Eric W. Thrift FRAIC FCIP was an architect-planner who played a pivotal role in the development of community planning in Manitoba and across Canada in the post-war era. In 1953, he became the first Fellow of the Town Planning Institute of Canada (TPIC, now the Canadian Institute of Planners), for his role in re-establishing the Institute, after it had been in abeyance from 1931 to 1952 due to the effects of Depression and World War II. Only 40 when he was honoured by the Fellowship, Thrift went on to many other national and international achievements.
Eric was born in Winnipeg in 1912 and attended the University of Manitoba, where he studied architecture, receiving a B.Arch and the Gold Medal in 1935. In 1936 and 1937, he studied architecture and planning at the Massachusetts Institute of Technology, earning an M.Arch in 1938.
Upon his return to Winnipeg, Eric taught at the University of Manitoba and served as planning advisor to the provincial government, where he prepared the 1944 report on community planning for Manitoba’s Post-War Reconstruction Committee. He worked as a planning consultant for Yorkton SK and several Manitoba municipalities, leading the 1958 team that planned the new resource town, Thompson MB. In that same year, he prepared the campus master plan for the University of Manitoba.
From 1945-1960, Thrift was Director of the Metropolitan Planning Commission for the Winnipeg area. The Commission had no regulatory powers and depended on its staff’s powers of persuasion and professional expertise to encourage the urban, suburban and rural municipalities to adopt, co-ordinate and implement plans. Eric was a persistent advocate of the benefits of planning, writing numerous articles and giving hundreds of presentations to community stakeholders to build the consensus needed for metropolitan planning. One newspaper described him as: “…a ’soft-sell’ artist-- a man who builds a careful and methodical case before recommending any major planning move to the municipal councils.” This “soft-sell” proved sufficiently effective that Manitoba established a metropolitan government for Winnipeg, with proper planning jurisdiction in 1960.
Eric left his native Manitoba for a larger challenge in 1960, when newly-elected Prime Minister John Diefenbaker appointed him as General Manager of the National Capital Commission. He implemented many of the components of Jacques Gréber’s landmark 1950 Plan for the National Capital, including several of the parks, parkways and the suburban greenbelt that grace the region today. He had less success in central Ottawa, where politically-connected developers defeated the efforts of the municipal and NCC planners to protect the view of Parliament Hill from the south.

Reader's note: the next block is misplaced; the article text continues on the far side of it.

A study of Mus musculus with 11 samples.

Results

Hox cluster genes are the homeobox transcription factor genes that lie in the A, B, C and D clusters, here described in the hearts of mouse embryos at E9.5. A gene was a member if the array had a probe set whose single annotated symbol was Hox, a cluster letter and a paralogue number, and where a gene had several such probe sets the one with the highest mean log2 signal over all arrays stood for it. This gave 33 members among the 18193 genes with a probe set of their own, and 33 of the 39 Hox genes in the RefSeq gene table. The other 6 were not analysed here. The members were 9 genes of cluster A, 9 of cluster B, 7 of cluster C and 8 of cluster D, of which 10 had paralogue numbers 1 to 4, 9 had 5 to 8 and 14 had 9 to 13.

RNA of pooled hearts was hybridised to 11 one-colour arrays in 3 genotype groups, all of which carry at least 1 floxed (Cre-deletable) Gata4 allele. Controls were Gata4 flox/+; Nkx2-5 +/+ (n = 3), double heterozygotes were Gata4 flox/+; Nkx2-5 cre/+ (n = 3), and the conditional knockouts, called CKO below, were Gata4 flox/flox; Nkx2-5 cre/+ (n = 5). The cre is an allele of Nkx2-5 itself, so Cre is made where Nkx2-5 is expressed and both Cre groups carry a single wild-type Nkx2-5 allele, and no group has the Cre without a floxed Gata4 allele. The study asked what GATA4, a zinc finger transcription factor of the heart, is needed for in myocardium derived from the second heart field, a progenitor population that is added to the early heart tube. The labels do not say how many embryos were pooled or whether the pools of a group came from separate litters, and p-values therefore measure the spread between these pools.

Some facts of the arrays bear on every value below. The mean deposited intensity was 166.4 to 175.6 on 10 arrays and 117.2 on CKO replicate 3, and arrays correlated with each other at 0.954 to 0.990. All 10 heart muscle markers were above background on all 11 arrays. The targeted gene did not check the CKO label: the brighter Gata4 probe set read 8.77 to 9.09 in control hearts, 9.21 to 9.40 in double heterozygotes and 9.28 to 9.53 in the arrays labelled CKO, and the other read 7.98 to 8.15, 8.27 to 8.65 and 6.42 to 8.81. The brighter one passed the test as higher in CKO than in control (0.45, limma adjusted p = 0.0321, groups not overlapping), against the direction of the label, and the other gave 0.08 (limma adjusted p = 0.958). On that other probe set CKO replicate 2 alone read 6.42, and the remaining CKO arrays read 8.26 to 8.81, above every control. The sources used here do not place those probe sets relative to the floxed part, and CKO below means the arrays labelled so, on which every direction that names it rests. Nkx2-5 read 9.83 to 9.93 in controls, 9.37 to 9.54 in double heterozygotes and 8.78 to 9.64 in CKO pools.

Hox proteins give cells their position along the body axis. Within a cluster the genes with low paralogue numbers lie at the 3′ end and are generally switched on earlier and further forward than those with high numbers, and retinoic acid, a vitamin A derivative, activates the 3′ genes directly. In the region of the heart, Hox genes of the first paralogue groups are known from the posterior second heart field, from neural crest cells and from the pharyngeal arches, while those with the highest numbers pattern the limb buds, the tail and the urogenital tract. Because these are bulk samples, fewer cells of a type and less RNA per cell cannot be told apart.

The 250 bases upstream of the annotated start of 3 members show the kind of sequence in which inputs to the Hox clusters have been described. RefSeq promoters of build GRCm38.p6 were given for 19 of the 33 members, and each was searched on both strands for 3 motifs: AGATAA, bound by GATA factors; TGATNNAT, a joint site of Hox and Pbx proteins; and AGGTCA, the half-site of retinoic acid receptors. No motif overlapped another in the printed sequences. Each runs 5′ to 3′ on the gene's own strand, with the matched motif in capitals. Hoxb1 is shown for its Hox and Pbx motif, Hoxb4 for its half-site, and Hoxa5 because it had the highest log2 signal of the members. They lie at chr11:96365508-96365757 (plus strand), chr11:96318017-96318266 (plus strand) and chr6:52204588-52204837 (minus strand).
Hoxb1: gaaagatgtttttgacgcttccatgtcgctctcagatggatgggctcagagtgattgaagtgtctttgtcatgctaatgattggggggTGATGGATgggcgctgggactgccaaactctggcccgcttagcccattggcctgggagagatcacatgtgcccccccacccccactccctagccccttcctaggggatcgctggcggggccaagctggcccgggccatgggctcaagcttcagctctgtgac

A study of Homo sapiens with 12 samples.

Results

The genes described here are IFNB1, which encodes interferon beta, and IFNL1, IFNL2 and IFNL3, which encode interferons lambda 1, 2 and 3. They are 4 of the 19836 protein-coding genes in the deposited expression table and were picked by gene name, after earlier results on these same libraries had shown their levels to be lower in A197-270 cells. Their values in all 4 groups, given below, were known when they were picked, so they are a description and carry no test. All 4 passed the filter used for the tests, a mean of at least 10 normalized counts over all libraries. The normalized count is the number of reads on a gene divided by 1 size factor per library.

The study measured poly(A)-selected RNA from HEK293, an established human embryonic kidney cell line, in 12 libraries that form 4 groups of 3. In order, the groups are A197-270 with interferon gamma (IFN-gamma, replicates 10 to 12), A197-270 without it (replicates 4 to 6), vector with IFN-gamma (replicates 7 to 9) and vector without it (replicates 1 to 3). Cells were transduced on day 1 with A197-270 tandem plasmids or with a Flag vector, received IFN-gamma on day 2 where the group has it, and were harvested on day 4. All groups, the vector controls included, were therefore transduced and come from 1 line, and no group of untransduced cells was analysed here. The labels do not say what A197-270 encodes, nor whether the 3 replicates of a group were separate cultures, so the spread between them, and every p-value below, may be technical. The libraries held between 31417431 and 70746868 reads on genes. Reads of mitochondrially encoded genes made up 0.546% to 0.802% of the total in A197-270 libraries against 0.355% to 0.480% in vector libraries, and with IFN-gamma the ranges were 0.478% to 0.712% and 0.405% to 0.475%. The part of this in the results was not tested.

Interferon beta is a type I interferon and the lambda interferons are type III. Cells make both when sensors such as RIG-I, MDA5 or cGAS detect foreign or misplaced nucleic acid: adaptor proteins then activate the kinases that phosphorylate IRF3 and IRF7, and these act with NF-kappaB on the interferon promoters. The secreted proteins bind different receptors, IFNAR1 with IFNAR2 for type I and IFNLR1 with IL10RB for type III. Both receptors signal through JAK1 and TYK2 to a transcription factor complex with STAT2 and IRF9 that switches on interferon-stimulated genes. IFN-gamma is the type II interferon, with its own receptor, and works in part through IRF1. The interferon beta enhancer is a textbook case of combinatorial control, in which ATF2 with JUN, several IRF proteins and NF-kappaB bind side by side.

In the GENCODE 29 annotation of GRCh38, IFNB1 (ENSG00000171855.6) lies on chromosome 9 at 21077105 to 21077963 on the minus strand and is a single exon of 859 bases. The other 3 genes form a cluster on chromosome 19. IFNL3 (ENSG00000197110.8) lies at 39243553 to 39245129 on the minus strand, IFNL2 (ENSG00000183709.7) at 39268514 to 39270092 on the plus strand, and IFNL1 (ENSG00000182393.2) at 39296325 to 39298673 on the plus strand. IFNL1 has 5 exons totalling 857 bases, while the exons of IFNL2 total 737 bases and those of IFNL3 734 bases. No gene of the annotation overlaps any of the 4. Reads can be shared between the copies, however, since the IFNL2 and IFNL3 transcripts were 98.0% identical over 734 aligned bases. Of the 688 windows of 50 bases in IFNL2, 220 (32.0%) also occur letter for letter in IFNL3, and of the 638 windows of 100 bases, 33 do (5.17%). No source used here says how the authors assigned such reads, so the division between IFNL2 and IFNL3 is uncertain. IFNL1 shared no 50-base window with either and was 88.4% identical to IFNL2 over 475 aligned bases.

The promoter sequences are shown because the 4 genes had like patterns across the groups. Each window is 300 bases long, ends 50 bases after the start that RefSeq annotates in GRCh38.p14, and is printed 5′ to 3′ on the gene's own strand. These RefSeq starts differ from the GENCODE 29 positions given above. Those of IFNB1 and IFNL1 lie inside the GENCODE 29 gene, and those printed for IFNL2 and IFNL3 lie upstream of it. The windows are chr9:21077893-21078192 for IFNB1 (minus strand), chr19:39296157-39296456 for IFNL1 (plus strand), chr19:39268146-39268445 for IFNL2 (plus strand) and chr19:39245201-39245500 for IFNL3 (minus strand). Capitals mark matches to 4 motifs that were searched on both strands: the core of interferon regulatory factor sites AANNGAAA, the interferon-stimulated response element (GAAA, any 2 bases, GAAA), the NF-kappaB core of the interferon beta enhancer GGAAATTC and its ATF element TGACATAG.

In 1970, Thrift was appointed as Queen’s University’s campus planner and as a founding Professor in its new School of Urban and Regional Planning. He oversaw a dramatic physical expansion of the university over the next decade, adding a west campus, re-landscaping the main campus and creating a much-loved waterfront park. He taught metropolitan planning and community design to the first generation of Queen’s planners and was Acting Director of SURP in 1971 and 1972. Appointed Professor Emeritus in 1981, he continued to teach in the following years.
Eric Thrift was an energetic leader of provincial and national planning advocacy organizations throughout his career and a frequent contributor to Canadian and international conferences. He helped found the Community Planning Association of Canada (CPAC) in 1946 and its Manitoba branch in 1947. Eric was elected President of the Institute in both 1953-54 and 1961-62, the only person to lead the Institute on two occasions. Active in the American Society of Planning Officials (ASPO, now the American Planning Association), he was elected as ASPO’s president for 1964-65, the only Canadian to hold that post. He led the combined ASPO – CPAC Toronto conference in 1965, which was the largest gathering of planning officials held to that date.
For his contributions to planning and its allied professions, Eric Thrift was also elected as a Life Member of ASPO and a Fellow of the Royal Architectural Institute of Canada (1961). He passed away in Kingston in 1995 and is still fondly remembered by his colleagues and former students at Queen’s.